Decisive US Fed seen ending wild market swings
PHILIPPINE financial market conditions could be calmer in the coming weeks following statements by the US Federal Reserve carrying more certainty over an interest rate adjustment before the year ends.
Bangko Sentral ng Pilipinas Governor Amando M. Tetangco said a more decisive US Fed could spell the end of extreme market swings in the near term, benefiting small “price-taking” countries like the Philippines.
Speculations of rate adjustments by the BSP itself are back as the regulator is expected to ensure that Philippine monetary policy settings are kept in step with global financing conditions.
The BSP may be “looking to narrow its interest rate corridor ahead of Fed policy normalization,” Bank of the Philippine Islands (BPI) economist Nicholas Mapa said in a note to clients on Thursday.
He said the BSP might choose to cut its main overnight borrowing and lending rates to trim the difference with other policy levers and enhance the potency of monetary settings.
This comes amid plans of the BSP to change the way it manages monetary settings in the country.
BSP Governor Amando M. Tetangco Jr. said the BSP would shift to the use of a so-called interest rate corridor by next year.
In theory, the new corridor system would allow the BSP to better react to policy shifts in major countries like the US.
The BSP’s main role is to protect consumers’ purchasing power by keeping prices stable. This is achieved through adjustments in the cost and amount of money circulating in the economy.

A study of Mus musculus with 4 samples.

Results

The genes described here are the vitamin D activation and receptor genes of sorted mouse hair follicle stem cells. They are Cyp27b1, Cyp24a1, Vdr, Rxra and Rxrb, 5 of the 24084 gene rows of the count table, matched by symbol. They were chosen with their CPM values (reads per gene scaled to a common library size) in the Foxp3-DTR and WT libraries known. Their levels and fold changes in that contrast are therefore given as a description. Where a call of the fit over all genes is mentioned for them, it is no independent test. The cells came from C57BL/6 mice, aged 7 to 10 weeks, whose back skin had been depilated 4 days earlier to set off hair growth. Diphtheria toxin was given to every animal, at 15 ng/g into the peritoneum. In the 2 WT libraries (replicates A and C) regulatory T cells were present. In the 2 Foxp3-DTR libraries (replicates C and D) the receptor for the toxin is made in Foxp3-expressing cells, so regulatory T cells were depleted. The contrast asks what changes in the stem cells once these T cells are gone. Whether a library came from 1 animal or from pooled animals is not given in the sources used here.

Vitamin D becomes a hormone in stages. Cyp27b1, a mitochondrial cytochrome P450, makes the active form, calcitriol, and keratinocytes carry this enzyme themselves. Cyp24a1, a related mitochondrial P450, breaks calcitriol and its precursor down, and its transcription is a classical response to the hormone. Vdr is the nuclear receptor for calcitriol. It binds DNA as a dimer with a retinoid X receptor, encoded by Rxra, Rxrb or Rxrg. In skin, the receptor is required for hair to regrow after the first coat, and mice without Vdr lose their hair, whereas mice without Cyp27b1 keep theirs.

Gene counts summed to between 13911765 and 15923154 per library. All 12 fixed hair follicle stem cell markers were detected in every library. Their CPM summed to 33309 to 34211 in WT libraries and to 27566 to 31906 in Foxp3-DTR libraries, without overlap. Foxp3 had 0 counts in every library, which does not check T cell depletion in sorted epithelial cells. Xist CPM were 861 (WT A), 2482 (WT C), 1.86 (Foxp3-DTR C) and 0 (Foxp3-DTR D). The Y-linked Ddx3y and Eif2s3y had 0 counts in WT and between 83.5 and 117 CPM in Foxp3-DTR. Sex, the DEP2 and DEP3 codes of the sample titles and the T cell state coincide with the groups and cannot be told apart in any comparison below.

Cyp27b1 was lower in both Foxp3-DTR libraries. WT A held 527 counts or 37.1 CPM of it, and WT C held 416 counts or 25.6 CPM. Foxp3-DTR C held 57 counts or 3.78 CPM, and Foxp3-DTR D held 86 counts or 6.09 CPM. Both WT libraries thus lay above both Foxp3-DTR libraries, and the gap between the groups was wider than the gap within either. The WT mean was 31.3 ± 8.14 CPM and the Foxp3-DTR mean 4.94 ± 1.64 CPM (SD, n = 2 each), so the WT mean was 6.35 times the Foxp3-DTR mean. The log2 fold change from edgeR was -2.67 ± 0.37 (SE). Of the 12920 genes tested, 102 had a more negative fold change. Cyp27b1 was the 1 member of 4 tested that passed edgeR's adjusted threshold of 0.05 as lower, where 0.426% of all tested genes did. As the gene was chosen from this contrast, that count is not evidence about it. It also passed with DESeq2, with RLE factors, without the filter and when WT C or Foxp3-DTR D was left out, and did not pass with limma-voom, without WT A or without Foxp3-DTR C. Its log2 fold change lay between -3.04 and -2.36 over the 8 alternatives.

The US central bank kept interest rates steady at the end its two-day policy meeting this week. “The Fed didn’t anymore seem to be as concerned as it was last meeting with the impact of external developments on their own domestic dynamics, as well as the impact of their policy actions on global financial markets,” Tetangco said.
“In a way, this could signal that extreme market reactions are no longer expected, and that they expect more normalcy. This should be market-positive,” he added.
Tetangco said the BSP would monitor the market’s reaction and make adjustments to policy settings as need arises.
“As we are essentially a price taker in the scheme of things, we will continue to monitor domestic market reactions, to see if any action is needed on our part to contain undue market volatility,” he said.